Cargill and Materia spin-off Elevance Renewable Sciences has filed paperwork to sell up to $100 million worth of stock in an initial public offering. Elevance, which has made a name for itself with its methods for building complex petrochemicals out of plant-based oils, plans to apply for listing on Nasdaq under the ERSI symbol.

Underwriters for the offering are Morgan Stanley, J.P. Morgan, Jefferies & Co., Piper Jaffray and Raymond James.

Elevance began producing its specialty and intermediate petrochemicals for a market the company estimates at $176 billion. According to Elevance's Form S-1 filed with the SEC, the firm produces “these chemicals using our proprietary, low-cost, capital-efficient production process based on Nobel Prize-winning innovations in metathesis catalysis.”

In more basic terms, Elevance has developed proprietary methods to break down complex plant-based oils into more simple building blocks that are recombined into high-value chemicals. These include ingredients for detergents, lubricants, personal care products, coatings and plastics, along with custom olefins and oleochemicals.

Elevance claims its techniques allow it to produce specialized compounds at lower cost and with less capital investment than more conventional, non-renewable processes.

Elevance is already producing chemicals at a commercial scale using tolling facilities. Those efforts will shift to facilities in Natchez, Mississippi and Gresik, Indonesia within the next two years. The Gresik plant is a split venture with Wilmar International, a giant global processor of palm, palm kernel and coconut oils, all of which are important feedstocks for Elevance's products. Elevance claims the Gresik plant, scheduled to begin operations in the second quarter of 2012, will be the largest biorefinery in the world.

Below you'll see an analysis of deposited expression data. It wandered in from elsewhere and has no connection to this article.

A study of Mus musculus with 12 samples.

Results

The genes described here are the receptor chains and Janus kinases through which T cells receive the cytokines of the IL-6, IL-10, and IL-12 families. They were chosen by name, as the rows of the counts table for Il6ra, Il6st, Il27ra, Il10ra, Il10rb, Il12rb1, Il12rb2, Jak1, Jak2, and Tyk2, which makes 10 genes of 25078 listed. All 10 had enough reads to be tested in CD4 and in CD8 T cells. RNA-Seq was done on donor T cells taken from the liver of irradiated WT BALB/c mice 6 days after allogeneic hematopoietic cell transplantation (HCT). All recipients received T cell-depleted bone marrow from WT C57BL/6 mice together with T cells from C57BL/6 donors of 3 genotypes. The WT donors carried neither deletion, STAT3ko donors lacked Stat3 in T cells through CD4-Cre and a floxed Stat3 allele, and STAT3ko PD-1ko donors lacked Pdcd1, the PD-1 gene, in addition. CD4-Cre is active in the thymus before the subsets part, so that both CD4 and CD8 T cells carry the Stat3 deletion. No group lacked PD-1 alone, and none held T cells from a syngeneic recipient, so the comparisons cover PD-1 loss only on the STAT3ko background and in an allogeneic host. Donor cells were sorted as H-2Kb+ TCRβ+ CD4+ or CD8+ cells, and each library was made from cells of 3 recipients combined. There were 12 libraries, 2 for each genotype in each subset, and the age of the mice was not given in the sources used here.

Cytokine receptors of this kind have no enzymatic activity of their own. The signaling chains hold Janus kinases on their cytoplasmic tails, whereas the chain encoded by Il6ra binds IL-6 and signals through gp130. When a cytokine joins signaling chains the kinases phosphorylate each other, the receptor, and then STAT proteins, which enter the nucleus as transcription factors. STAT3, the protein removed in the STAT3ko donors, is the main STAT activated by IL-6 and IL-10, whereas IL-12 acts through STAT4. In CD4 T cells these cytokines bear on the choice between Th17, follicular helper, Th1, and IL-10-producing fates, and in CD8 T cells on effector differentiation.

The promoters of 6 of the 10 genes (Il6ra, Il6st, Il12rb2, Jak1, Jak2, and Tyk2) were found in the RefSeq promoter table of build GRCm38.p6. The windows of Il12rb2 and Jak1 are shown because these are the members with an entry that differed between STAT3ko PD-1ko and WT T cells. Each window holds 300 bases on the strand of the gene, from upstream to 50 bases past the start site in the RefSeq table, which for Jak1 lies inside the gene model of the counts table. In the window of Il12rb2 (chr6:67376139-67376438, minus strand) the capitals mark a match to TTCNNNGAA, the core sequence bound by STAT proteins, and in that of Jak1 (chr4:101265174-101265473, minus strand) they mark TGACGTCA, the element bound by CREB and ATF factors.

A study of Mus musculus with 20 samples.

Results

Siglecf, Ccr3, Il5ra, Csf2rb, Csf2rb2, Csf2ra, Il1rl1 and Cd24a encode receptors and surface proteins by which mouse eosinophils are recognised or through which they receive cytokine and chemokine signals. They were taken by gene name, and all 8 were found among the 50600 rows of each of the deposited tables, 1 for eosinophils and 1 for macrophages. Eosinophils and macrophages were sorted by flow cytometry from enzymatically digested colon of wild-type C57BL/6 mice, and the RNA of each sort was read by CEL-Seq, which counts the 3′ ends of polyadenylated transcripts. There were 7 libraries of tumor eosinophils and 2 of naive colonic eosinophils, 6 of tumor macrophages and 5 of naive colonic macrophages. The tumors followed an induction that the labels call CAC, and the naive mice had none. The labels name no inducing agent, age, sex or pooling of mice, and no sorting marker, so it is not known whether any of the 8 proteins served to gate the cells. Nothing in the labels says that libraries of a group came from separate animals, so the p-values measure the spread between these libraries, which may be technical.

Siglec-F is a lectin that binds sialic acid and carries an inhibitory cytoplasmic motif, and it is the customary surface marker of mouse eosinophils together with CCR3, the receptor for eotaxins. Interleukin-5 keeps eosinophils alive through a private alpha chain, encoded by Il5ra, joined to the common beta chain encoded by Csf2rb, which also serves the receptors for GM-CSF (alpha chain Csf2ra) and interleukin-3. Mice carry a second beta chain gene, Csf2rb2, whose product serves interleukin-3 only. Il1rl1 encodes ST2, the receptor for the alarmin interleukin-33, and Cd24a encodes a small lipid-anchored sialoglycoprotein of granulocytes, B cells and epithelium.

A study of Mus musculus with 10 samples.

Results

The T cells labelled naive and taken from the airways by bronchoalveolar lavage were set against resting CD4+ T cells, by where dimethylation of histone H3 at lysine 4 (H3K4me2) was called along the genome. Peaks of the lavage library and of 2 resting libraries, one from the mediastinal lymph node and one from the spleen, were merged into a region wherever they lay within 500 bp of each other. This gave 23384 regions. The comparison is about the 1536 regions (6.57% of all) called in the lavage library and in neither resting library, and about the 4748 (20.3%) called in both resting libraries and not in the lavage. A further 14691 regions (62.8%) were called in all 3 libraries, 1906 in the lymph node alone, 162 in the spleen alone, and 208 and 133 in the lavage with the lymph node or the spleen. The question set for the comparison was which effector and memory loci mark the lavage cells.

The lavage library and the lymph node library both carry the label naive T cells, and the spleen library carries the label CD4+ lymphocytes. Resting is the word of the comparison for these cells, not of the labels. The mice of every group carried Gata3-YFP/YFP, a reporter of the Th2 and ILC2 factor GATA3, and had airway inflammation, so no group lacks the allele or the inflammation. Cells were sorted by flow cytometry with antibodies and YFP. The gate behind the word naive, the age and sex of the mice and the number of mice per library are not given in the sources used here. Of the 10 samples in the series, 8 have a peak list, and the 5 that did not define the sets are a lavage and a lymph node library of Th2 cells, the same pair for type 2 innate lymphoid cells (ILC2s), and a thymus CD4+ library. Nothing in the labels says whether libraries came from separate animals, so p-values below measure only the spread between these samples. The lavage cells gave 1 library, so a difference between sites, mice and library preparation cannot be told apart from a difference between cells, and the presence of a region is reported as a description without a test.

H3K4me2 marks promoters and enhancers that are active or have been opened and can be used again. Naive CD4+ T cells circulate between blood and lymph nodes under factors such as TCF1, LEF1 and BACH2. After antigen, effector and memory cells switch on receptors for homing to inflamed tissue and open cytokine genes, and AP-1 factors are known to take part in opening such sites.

The two facilities are key to Elevance's success. In the S-1, both facilities are expected to be built for far cheaper than facilities utilizing conventional processes. Elevance states that it expects construction to cost between $0.07 to $0.016 per pound of annual production capacity, as compared to $0.42 to $1.04 per pound for conventional plants. If those numbers hold up, Elevance may have an advantage as it expands operations.

Elevance faces the same risk as any manufacturing startup -- namely, the fact that it needs its plants to be built on time in order to quickly bring products to an accepting market. That latter point may prove troublesome: Until Elevance fully delves into the world chemical market, it is unclear how its products will compete or, more importantly, how they will resonate with buyers. Additionally, Elevance has inherent intellectual property risks regardless of whether or not its products gain traction.

  • According to the filing, Elevance had revenues totaling $21.2 million in 2010.
  • That year, net loss attributable to the company totaled $27.3 million.
  • As of June 30, 2011, the company's total shareholders' deficit was $188.8 million.
  • From its inception through June 2011, Elevance has raised $198.8 million through the sale of convertible preferred stock and convertible notes. As of June, the company has $73.2 million (unaudited) in cash and equivalents, along with $22.9 million in short term investments.

Elevance offers an interesting model for an already massive market. Coming hot on the heels of numerous other IPO filings, including Mascoma's, it's enough to wonder whether the time is ripe for the biotech industry -- or if investors simply have an unending appetite for biotech IPOs.